If there is one commonality among all members of the human race it is this: everyone eats. However, what each of us eats depends to a great degree on where (geography) and when (history) we live. While food is a visceral necessity, it is also one of the central means by which people throughout time and across cultures have created and expressed their identities as members of different ethnic, racial, and religious groups, classes and nations. By examining food historically, we can see how these issues have developed over time and across cultures in relation to political, social and economic changes.

The application window for the Summer 2019 program has closed.

Course Description

In La Cucina Della Nonna (grandmother’s kitchen) class we will study the origins and assimilation of Italian cuisine in American history and culture. Readings will focus on the migratory experience of Italian Americans in the late 19th century and 20th century and the impact of that immigration on American society and culture, especially American cuisine. We will explore the relationship between food, culture and gender with special attention to the ways in which Italian American women have been the conduits of Italian culture and cuisine in their roles as mothers and grandmothers. In our readings we will also explore the prominent role of food, masculinity and Italian Americans in popular culture such as The Godfather. The travel portion of this course will allow you to experience the “push” factor of the migratory process in the “push/pull” historical theory of migration by focusing on the southern Italian and Sicilian regions responsible for the majority of Italian migration to the United States in this era. It will also enable you to understand the ways in which food is transformed, as well as migrants, in the process of acculturation, and for this historical period, the process of “Americanization.” Students are required to attend pre-departure classes in the week prior to European travel. Course assignments include considerable pre-departure readings, a daily journal while traveling, and an analytic essay due one week after our return.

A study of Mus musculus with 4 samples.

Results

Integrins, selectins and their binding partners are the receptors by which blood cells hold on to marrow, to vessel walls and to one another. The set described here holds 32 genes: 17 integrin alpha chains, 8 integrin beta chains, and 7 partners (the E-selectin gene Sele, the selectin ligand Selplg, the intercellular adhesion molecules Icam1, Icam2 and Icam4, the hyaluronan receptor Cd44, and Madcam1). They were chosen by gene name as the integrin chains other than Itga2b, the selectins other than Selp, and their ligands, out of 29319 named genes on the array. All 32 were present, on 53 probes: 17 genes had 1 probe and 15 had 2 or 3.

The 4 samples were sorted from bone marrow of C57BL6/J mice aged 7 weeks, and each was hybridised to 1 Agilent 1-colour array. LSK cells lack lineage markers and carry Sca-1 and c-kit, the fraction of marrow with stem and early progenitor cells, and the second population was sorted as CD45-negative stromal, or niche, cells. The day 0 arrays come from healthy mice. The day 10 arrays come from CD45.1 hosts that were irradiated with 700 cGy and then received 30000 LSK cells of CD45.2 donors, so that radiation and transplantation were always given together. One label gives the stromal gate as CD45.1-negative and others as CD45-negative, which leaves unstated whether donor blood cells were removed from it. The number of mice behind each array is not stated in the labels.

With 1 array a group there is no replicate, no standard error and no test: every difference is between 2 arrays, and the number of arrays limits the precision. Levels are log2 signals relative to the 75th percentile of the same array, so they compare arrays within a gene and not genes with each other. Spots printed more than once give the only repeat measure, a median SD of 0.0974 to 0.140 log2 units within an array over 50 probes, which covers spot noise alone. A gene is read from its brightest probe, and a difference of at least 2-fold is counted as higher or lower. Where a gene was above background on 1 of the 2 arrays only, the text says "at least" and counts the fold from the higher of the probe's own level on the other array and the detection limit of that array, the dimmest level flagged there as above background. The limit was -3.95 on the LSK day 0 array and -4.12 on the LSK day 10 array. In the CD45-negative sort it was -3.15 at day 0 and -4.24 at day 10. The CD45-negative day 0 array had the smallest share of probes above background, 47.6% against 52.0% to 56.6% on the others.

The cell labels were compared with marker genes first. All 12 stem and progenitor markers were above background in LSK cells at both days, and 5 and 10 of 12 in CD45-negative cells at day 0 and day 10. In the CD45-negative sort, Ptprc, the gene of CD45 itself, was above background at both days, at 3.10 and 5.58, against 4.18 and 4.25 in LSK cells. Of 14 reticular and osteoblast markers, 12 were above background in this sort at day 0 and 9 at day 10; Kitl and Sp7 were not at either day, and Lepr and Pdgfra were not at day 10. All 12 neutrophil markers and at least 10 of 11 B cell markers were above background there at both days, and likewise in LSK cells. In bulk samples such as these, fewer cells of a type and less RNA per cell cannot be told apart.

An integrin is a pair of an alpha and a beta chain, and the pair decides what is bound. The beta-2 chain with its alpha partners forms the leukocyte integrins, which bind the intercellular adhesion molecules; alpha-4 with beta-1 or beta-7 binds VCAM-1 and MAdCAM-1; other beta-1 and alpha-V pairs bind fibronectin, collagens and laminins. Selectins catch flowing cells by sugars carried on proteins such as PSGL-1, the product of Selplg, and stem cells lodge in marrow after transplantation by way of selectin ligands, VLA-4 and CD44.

Program Information

Course: WGS 165 / HIS 196 Gendered History of Food: La Cucina Della Nonna  

Liberal Learning: Social Change in Historical Perspectives; Gender; Global

Dates: May 26 – June 16, 2019

Program Directors: Dr. Ann Marie Nicolosi, Associate Professor and Chair of Women’s, Gender, and Sexuality Studies and History, & Cecilia Colbeth, Program Coordinator of Women’s, Gender, and Sexuality Studies

Eligibility: No prerequisites and no language requirements. Open to all students in good standing (including current first-year students).

Program Fee: $5,986. View Budget Sheet or explore scholarship opportunities.


Highlights

  • Roman Coliseum, Forum, and Palatine
  • Cooking classes in Rome, Sorrento, and Taormina
  • The Vatican
  • The Sistine Chapel and St. Peter’s Basilica
  • Olive oil mill tour
  • Galleria dell Accademia and Galleria degli Uffizi, featuring world-famous masterpieces
  • Tuscan winery
  • Tour of a limoncello factory and Caseifico Michaelangelo, the oldest cheese factory on the Sorrentine Peninsula
  • Pompeii
  • Soverato, Taormina, and the Island of Capri
  • Teatro Greco
  • Mt. Etna
  • Archeological Museum of San Nicola and the Valley of Temples
  • Guided tour of Palermo food markets
  • Capella Palatina

Questions?

Please contact the TCNJ Center for Global Engagement at cge@tcnj.edu, 609-771-2596.

For course specific questions, please contact Dr. Ann Marie Nicolosi at nicolosi@tcnj.edu or Cecilia Colbeth at colbeth@tcnj.edu.

Please review our refund, cancellation, and withdrawal policy statement should a student not be able to participate in the program.